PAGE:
Pharma has been slower than other industries in fully embracing artificial intelligence technology, Peter Henstock, head of AI and machine learning at Pfizer Inc., told Scrip at a recent conference on artificial intelligence and biopharma. He cited a certain wariness in the industry.

“You’re taking people who have deep expertise in lots of areas and all of a sudden you’re saying there’s this new thing that can solve all your problems across the board. And they’ve heard that before,” he said. 

AI has taken root in drug discovery, but it has a lot more to offer in drug development, from quickly analyzing numerous medical images and research papers to sorting drug candidates and potential patients. 

“All the literature, all the intelligence, can go through AI,” he said. “It’s going help you figure out which patients are going to benefit, which patients should be studied, which patients might be the first to drop out of study, which clinics are the right ones, which biomarkers to target, and which compounds to test. AI is going to change everything in drug development from start to finish.”

Pharma is watching, and making definitive, if careful, moves into the space. ”There’s more buy-in this year than last year,” Henstock said.

Some pharma executives suggest that AI and pharma have just started getting to know each other. That process was the focus of the sessions on pharma at the AI World conference in Boston, where drug makers shared their experiences introducing AI to their companies, offering advice for others who want to do the same.

They emphasized that investing in AI should be based on determinations of what’s possible, what’s necessary and what’s valuable.

Make The Case Early & Often
“We are going through big field of change,” said Angeli Moeller, AI lead at Bayer AG. Calling the technology a “radical transformation” for pharma, she added that successfully bringing AI into a drug company starts with building the case for investment.

“[Any company would] want to invest in something that gives a top-line and bottom-line impact,” Moeller said.  “But AI is just a tool. it’s just is a method. It’s just the way you’re getting there.”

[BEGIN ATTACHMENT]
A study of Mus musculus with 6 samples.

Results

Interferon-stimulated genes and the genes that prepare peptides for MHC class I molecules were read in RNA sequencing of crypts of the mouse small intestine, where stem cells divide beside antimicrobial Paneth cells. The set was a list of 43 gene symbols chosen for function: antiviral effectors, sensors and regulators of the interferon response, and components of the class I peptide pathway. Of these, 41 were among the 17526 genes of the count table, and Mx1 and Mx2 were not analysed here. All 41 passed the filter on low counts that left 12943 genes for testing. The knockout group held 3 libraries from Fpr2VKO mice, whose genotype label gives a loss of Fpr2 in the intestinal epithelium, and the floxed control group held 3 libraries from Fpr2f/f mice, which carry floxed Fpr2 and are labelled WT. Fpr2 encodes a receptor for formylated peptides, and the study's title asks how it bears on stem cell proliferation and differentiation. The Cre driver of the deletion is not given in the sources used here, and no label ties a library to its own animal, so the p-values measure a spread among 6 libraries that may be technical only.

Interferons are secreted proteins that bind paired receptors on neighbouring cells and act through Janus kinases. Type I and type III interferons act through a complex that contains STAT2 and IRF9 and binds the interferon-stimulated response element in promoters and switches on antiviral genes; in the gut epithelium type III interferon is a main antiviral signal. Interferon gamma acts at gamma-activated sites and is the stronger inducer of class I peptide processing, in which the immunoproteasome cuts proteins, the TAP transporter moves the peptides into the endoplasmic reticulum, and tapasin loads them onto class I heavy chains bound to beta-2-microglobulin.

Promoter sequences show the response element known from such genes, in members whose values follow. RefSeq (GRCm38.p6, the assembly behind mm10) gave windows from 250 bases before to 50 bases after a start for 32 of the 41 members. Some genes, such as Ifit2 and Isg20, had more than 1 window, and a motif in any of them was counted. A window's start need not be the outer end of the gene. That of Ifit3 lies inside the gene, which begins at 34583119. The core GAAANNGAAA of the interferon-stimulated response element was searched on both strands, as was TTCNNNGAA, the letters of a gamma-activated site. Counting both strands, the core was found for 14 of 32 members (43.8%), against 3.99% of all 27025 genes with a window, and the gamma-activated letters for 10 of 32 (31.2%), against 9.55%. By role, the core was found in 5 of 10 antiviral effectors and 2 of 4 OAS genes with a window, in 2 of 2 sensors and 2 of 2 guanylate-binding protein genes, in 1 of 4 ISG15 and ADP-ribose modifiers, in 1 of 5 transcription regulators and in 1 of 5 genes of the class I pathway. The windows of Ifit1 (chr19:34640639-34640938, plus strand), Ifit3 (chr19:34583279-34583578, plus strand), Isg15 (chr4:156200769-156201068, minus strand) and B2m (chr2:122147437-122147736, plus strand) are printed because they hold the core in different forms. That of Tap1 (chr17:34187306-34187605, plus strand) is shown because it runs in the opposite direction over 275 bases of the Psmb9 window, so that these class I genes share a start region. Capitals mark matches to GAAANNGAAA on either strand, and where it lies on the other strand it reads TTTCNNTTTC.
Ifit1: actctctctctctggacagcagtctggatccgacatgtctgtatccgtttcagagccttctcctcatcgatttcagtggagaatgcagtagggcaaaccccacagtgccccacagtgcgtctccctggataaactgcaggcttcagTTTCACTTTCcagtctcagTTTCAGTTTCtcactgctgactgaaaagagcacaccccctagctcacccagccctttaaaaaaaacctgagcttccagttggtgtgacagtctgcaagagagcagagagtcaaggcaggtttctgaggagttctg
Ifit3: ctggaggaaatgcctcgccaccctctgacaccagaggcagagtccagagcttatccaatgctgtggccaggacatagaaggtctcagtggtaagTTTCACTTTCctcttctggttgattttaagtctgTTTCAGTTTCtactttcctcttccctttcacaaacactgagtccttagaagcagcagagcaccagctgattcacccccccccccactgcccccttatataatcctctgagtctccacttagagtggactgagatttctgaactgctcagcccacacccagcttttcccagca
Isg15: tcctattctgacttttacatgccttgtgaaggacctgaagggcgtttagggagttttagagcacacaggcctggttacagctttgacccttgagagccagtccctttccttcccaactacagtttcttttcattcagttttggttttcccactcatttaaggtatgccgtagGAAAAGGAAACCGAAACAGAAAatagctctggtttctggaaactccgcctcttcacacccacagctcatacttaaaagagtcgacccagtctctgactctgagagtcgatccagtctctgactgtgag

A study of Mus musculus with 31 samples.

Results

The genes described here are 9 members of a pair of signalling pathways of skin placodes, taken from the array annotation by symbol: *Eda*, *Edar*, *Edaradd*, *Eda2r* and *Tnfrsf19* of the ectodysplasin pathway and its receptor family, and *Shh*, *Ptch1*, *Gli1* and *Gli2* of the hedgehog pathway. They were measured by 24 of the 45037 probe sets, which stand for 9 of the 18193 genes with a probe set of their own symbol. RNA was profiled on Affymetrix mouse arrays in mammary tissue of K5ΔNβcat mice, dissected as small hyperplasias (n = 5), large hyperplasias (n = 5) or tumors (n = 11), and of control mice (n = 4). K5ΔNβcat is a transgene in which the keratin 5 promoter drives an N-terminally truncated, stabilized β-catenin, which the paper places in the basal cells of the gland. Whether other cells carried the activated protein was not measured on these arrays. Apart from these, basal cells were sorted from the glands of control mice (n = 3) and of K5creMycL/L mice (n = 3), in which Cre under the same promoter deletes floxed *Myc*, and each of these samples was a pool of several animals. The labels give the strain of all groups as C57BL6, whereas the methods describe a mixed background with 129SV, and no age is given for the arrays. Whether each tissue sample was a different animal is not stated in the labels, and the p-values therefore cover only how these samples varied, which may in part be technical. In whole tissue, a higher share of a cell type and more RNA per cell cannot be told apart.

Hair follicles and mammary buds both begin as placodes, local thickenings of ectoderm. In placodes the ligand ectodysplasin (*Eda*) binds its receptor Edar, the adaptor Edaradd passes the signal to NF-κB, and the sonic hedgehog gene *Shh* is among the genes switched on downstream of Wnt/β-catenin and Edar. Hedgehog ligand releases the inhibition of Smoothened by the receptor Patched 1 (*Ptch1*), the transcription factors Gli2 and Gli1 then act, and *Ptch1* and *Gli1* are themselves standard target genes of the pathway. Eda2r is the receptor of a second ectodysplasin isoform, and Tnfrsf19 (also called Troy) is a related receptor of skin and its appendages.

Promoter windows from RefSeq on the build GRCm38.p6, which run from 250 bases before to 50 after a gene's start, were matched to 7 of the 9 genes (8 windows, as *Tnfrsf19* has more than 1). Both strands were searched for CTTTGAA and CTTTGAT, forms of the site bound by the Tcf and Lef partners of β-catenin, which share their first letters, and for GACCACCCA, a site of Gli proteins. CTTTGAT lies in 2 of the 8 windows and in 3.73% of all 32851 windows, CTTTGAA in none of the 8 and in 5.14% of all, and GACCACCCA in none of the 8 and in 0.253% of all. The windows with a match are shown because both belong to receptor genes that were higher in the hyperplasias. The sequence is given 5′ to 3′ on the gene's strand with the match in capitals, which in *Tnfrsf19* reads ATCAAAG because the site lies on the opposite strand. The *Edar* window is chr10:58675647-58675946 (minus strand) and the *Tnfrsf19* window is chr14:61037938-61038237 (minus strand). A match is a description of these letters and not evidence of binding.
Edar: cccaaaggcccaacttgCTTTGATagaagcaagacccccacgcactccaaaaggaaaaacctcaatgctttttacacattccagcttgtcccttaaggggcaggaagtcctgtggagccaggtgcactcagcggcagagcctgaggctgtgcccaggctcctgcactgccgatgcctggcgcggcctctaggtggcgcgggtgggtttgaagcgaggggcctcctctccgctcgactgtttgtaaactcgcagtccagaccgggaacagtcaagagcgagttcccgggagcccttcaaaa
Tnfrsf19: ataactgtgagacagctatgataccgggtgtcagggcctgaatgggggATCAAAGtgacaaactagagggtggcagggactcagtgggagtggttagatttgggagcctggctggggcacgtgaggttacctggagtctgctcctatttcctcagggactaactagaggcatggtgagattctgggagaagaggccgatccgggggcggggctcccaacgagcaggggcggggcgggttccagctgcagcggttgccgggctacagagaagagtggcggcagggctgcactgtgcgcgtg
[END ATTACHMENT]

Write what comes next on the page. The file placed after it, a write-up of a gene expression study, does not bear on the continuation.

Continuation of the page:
Moeller talked about a data project at Bayer.

“They began by really building out the data lake that they need to store the electronic medical records, to interconnect them with the clinical data,” she said “But our CFO kept saying, ‘No, you’ve got to start with the value case. Build the data architecture after you’ve shown the value case works, after you’ve shown me the return on investment. Then I’ll give you money to build data architecture.’

“So you’ve got to start with the value case,” she said. “To your CFO, you can say, for example, this is what your Phase III study cost if we followed a traditional approach. If we use these methods, and if we used the tools that we based on these methods, then this is how much money we’ll save you.”

It's not enough to just promise such value, Moeller said. Once the work is underway, there needs to be a way to look in on the process. Regularly checking in with updates should start as soon as there is agreement to fund the AI project.

“It’s not ‘This has my approval and I will never look at it again,’” Moeller said. “It’s that he will track whether or not we deliver on it. Our CFO needs to know what impact we’re going to have on our pharma bottom line and top line and he tracks it. We’re there, at the executive committee and our board of management on a regular basis presenting our results.”

Build The Right Team
Presentable results come from having a knowledgeable AI team from the start, said Eduardo Cornejo, AI lead at Sanofi. He added that his company learned that lesson the hard way, after various AI projects failed.

“What we have done in almost two years is to collect all the information about AI projects in the company,” he said. “We detected around 40 projects that didn’t get [past] the pilot project barrier, which means they didn’t go into production. The question is why?”

After a closer look at some of the stalled projects, Sanofi realized its initial mistake.

“It started with us relying on the vendors to put together all the machine learning and the AI components,” Cornejo said. It turned out, that adding that some vendors Sanofi had chosen simply didn’t have experience with large-scale or specialized projects.

“You need to have some baseline before you start building on top of that; if you don’t have that, pretty much the vendor is learning AI with us.”

Cornejo advises testing a vendor’s capabilities before signing a contract. “My first question is, if I send you this PDF are you willing to run it through your tool or your engine – first, to see if it works, and then to give me an outcome?”

Cornejo also noted that Sanofi’s past vendors often didn’t know enough about health care or pharma to recognize what would work, or not work, for Sanofi. “And [pharma] vendors are supposed to have a health care background.”

That’s a tougher problem, Pfizer’s Henstock agreed, suggesting that, ideally, pharma would have its own AI specialists.

“But it’s difficult to get talent,” he said. “If you are an expert at AI, would you want to work in pharma, which only sometimes does AI, or a place like Google, which is running it? In pharma, you need people with the AI skills, but who also have the science. And that’s a harder fit.”

For its part, Sanofi turned its struggles into a set of guidelines for AI teams going forward. As early adopters demonstrate both the potential for AI and machine learning to improve drug discovery and development, more companies will learn from their experiences. That should pave the way forward for the more wholesale embrace of these new technologies that Pfizer’s Henstock and others are hoping to see.